Thursday, September 16, 2010

Seventeenth Century Television's Mr. Wizard

CARAMUELIUS, Aspasius [Gaspar Schott]. Ioco-Seriorum Naturae et Artis sive Magiae Naturalis Centuriaetres. Neapoli. N.p. [Würzburg], n.d. [1666].
From 1951 through 1965, a television show appeared that changed the course of science. In my house.

HERBERT, Don. Mr. Wizard's Science Secrets.
New York: Popular Mechanics Press, 1952.
Watch Mr. Wizard, starring Don Herbert, a general science and English major in college and an aspiring actor, was a staple in Casa Gertz when I had control of the horizontal and vertical (yes, my son, there was a time when you could  - and had to - manually control how the TV behaved). 

Though the family survived  my first science experiment, at age four (Q: What happens if you stick a paper napkin into a lit stove burner and throw the flaming thing into the wastebasket? A: Four fire  trucks and FEMA magically appear!) and may have been dubious about my prospects for safely making it to age five, the folks still provided chemistry sets and Remco Thinking Boy's Toys. What they were thinking, I have no idea. Nor, what I was thinking, if I was thinking at all.

Mr. Wizard helped set me on the right path. His stock and trade was creating  tricks based upon scientific principles. It was magic! Just as Bill Nye the Science Guy served a later generation anxious to make  magical things happen with their own hands, Mr. Wizard served the Boomers.

Mr. Wizard's early forerunner was Gaspar Schott, a Jesuit priest and protege of the great seventeenth century polymath, Athanasius Kircher.

A popularizer of science rather than an original researcher, in Ioco-Seriorum Naturae et Artis (1666), the last book published in his lifetime, Schott illustrates how fascinating and amusing science can be through a series of three hundred magic tricks/experiments based upon natural phenomena, geometry and trigonometry. 

This was a very exciting time in science, at the crossroads of the casual, irrational thinking of the past and the rigorous, experiment-based scientific method then beginning to emerge. The public was fascinated by what was going on and much of the credit for that keen interest is due to Schott and this book, which has become quite rare in general and positively scarce in better than very good condition. Only two copies have come to auction within the last thirty-five years.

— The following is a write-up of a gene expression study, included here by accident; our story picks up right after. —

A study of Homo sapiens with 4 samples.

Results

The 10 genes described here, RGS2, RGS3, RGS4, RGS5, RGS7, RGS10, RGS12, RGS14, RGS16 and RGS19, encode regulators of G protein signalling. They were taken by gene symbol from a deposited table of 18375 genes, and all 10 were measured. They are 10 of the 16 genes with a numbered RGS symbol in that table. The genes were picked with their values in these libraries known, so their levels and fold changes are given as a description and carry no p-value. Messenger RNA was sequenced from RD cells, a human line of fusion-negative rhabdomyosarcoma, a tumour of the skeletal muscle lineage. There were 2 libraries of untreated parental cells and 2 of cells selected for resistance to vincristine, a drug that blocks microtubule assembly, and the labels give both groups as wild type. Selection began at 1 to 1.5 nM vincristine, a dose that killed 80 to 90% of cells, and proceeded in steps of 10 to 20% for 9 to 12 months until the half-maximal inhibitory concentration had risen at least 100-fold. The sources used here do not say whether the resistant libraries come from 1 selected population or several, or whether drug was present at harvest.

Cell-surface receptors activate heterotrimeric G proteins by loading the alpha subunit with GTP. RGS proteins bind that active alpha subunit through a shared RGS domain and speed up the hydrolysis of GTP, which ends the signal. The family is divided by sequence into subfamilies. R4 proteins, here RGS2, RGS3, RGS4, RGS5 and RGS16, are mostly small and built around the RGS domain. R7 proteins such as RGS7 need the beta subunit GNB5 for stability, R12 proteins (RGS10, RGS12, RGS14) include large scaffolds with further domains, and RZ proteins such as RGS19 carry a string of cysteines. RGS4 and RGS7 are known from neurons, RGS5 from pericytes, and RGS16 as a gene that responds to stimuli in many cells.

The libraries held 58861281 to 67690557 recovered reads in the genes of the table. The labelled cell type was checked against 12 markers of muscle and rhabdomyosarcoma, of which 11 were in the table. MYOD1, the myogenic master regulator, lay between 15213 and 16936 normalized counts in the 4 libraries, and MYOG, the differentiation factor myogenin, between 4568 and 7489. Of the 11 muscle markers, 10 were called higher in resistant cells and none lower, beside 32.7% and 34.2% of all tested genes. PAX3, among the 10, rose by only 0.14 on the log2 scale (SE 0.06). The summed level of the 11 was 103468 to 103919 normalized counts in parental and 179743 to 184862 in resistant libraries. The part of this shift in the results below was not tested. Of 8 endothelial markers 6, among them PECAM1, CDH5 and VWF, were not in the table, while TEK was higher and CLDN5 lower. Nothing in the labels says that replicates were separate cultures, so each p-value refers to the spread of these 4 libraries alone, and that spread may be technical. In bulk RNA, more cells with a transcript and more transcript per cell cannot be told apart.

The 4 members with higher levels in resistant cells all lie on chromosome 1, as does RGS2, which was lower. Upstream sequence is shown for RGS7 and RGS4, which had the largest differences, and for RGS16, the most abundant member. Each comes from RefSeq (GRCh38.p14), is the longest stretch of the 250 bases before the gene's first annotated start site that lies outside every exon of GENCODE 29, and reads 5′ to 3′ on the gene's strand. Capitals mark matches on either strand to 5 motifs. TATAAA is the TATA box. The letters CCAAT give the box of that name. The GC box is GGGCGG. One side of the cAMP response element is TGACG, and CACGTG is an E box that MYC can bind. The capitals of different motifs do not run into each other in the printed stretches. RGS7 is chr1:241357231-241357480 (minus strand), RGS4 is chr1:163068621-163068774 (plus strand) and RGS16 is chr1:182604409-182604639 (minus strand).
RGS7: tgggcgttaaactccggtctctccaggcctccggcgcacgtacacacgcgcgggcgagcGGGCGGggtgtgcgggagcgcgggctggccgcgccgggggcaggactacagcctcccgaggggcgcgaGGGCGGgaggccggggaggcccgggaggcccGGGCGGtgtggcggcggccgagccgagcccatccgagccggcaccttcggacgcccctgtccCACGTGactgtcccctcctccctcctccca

Amongst the described tricks and devices are a water-clock, optical illusions, a perpetual motion machine, a dark chamber, cryptography, and more. Some chapters treat subjects of medical interest, i.e. healing toothache, syphilis, poison antidotes; others are of a more fanciful nature, i.e. how to walk on water, and how to catch fish with your bare hands. This book was Schott's most popular and was reprinted several times. Schott's interest in linguistics and polygraphy is expressed in homage to his mentor, Kircher, who Schott heralds a pioneer in the field.

Gaspar Schott (1608-66) was a Jesuit, student and long time assistant of Kircher. "Schott is most widely known for his works on hydraulic and mechanical instruments. His treatise on 'chronometric marvels' contains the first description of a universal joint and the classification of gear teeth. He was the author of a number of works on mathematics, physics, and magic [the present volume]." He devoted the remainder of his career to editing and defending Kircher's works" (Findlen and Huisman, p. 34).

We were fortunate to discover an ancient Kinetoscope of Schott demonstrating a few science tricks to a young, contemporary maiden. The first thing to amaze is the quality of the picture; television reception in the seventeenth century was notoriously poor to non-existent. You will also be startled by the modern dress. It's as if it was filmed in early 1960-something. It's magic!


CARAMUELIUS, Aspasius [Gaspar Schott]. Ioco-Seriorum Naturae et Artis sive Magiae Naturalis Centuriaetres Neapoli. N.p. [Würzburg], n.d. [1666].

First edition, variant B (catchword "autem" to page one). Small quarto. [2], 363, [1, blank], [8, Index] pp. Engraved title page. Twenty-two engraved plates, including one foldout. Head- tailpieces. 

Merrill 16n. DSB XII, pp.201-211. De Backer - Sommervogel IV, 1059.18. Thorndike VII, 591. Caillet 5545.

All images from Ioco-Seriorum Naturae et Artis courtesy of David Brass.